Data and the cyber workforce


The government needs better data on the cybersecurity workforce and the two co-chairs of a  National Academy of Public Administration report on the cybersecurity workforce released last month think a new government entity could help.

The report called on the White House's Office for the National Cyber Director to take the lead of coordinating a multi-sector effort on the cybersecurity workforce. That's something the ONCD has since indicated it is looking to do.

But the ONCD's ability to address the yawning gap of cybersecurity talent hinges at least in some part on measurement. 

"We don't have, as a government, a lot of good data around this - both around the federal workforce imperative, as well as the national workforce imperative," said Dan Chenok, executive director of the IBM Center for The Business of Government and co-chair of the NAPA study, at a meeting of the Information Security and Privacy Advisory Board on March 10. Chenok spoke alongside report co-chair Karen Evans, a former longtime government technology official and recently the leader of a cybersecurity office at the Department of Energy.

"There's a Bureau of Justice Statistics, or a Bureau of Labor Statistics. There isn't a Bureau of Cyber Statistics or some similar kind of data focused around a common framework," Chenok said.

A Bureau of Cybersecurity Statistics could provide more granular data on the cybersecurity workforce and coordinate across existing databases in some federal agencies. The idea echoes a recommendation from the Cyberspace Solarium Commission, which suggested an office to serve as a repository for data on cyber incidents and threats as well as in other areas.

Data about the cyber workforce does exist already. The National Institute of Standards and Technology-based CyberSeek says there are 597,767 cyber job openings. The Bureau of Labor Statistics projects that the information security analyst jobs in the federal government, which includes many but not all cyber jobs in the federal government, will grow by 33% from 2020 to 2030.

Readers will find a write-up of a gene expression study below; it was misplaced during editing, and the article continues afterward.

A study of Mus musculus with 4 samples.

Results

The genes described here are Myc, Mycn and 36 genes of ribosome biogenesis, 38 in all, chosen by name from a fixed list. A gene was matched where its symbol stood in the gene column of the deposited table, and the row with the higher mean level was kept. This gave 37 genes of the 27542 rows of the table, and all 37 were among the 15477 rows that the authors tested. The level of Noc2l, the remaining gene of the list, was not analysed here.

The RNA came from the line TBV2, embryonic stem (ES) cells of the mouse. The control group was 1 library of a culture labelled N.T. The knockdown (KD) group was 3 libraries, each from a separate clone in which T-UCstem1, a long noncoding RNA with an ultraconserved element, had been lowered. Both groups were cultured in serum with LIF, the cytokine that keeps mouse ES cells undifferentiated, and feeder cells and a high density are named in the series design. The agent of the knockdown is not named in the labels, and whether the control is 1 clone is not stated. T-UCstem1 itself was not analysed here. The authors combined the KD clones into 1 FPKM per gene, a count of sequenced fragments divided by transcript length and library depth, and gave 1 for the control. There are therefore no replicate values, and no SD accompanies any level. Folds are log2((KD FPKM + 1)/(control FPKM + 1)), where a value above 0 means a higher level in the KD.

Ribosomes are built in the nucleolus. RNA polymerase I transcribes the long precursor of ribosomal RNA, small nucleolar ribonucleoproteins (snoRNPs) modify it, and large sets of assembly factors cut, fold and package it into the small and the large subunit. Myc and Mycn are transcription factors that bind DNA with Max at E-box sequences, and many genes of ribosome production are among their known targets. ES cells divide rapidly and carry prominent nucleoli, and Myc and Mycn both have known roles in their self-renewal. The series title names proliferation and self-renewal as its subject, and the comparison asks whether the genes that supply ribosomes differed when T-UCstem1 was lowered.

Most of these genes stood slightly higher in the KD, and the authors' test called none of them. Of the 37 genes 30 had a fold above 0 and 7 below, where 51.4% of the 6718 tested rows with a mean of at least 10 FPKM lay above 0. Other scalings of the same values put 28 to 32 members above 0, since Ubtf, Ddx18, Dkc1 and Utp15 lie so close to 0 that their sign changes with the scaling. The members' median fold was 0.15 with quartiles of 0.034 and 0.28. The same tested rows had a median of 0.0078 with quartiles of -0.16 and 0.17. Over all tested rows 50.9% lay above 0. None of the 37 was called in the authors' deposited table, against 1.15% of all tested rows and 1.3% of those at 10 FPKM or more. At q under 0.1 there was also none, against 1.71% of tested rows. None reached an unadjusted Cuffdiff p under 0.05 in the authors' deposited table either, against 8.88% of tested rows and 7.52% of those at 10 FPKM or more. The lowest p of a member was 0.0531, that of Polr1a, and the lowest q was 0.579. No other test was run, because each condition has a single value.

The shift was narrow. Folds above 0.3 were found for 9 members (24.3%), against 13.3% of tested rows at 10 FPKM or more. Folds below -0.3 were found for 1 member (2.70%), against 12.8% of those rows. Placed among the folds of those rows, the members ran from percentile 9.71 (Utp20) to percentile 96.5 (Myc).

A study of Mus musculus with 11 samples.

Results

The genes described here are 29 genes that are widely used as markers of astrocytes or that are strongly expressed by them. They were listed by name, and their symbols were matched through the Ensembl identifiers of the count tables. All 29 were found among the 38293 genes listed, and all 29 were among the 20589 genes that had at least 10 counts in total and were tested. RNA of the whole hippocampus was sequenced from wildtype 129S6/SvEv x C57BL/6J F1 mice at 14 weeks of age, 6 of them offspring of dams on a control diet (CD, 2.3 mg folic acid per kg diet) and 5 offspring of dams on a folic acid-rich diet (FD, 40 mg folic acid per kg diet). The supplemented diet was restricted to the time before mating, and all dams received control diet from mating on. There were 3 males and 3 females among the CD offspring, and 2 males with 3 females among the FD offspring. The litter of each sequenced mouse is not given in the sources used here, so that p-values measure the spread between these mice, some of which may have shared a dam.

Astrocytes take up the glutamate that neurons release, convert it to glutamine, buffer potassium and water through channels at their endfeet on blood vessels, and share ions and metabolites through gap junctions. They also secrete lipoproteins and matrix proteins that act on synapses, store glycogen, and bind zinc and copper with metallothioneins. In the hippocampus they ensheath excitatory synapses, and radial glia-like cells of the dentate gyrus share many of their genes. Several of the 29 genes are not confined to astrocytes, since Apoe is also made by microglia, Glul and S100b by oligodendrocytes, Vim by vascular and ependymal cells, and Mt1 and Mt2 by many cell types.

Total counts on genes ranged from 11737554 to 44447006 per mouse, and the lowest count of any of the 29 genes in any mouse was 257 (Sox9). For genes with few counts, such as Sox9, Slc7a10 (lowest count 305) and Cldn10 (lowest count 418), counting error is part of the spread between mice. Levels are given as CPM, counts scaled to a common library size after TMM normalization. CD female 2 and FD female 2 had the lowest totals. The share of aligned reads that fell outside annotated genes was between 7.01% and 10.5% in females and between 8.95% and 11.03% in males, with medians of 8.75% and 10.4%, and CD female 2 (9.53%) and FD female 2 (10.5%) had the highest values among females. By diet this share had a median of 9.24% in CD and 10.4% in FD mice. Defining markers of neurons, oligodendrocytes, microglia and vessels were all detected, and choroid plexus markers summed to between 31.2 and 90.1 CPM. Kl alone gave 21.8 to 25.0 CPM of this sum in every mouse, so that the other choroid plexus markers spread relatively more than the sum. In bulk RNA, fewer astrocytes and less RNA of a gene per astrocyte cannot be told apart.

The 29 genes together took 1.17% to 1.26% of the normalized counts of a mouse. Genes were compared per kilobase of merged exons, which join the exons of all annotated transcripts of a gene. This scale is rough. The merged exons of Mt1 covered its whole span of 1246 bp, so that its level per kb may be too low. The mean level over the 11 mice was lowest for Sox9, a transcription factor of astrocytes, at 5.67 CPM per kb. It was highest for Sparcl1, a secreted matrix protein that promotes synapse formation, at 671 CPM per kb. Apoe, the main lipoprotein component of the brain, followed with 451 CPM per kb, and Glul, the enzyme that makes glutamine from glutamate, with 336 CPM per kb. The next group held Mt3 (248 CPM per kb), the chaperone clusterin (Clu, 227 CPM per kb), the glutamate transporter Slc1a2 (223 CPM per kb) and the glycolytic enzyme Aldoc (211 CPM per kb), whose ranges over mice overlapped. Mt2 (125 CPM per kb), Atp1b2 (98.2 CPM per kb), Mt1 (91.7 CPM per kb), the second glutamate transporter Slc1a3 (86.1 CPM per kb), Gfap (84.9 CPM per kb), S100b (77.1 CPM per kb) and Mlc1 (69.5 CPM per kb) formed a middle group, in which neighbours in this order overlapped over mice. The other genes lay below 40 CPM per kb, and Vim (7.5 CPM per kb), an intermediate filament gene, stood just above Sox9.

"Cyberseek does great work. We thought that it would be important to build on efforts like that and ramp up the government's ability to do what it does in many other areas of government function, which is to have sort of a focus on cyber statistics led by some recognized enterprise," Chenok told FCW in an interview. 

The NAPA report itself says that "data on the size and composition of the workforce shortage are inadequate," and quantifying the number of open and filled jobs in the cybersecurity workforce has proven exceptionally challenging. 

"You get what you measure," Chenok told FCW. "So the recommendations we make will only go so far in terms of practical implementation as the ability of the government working with industry partners and academia to know how well is the system working. And in order to do that you need data and metrics."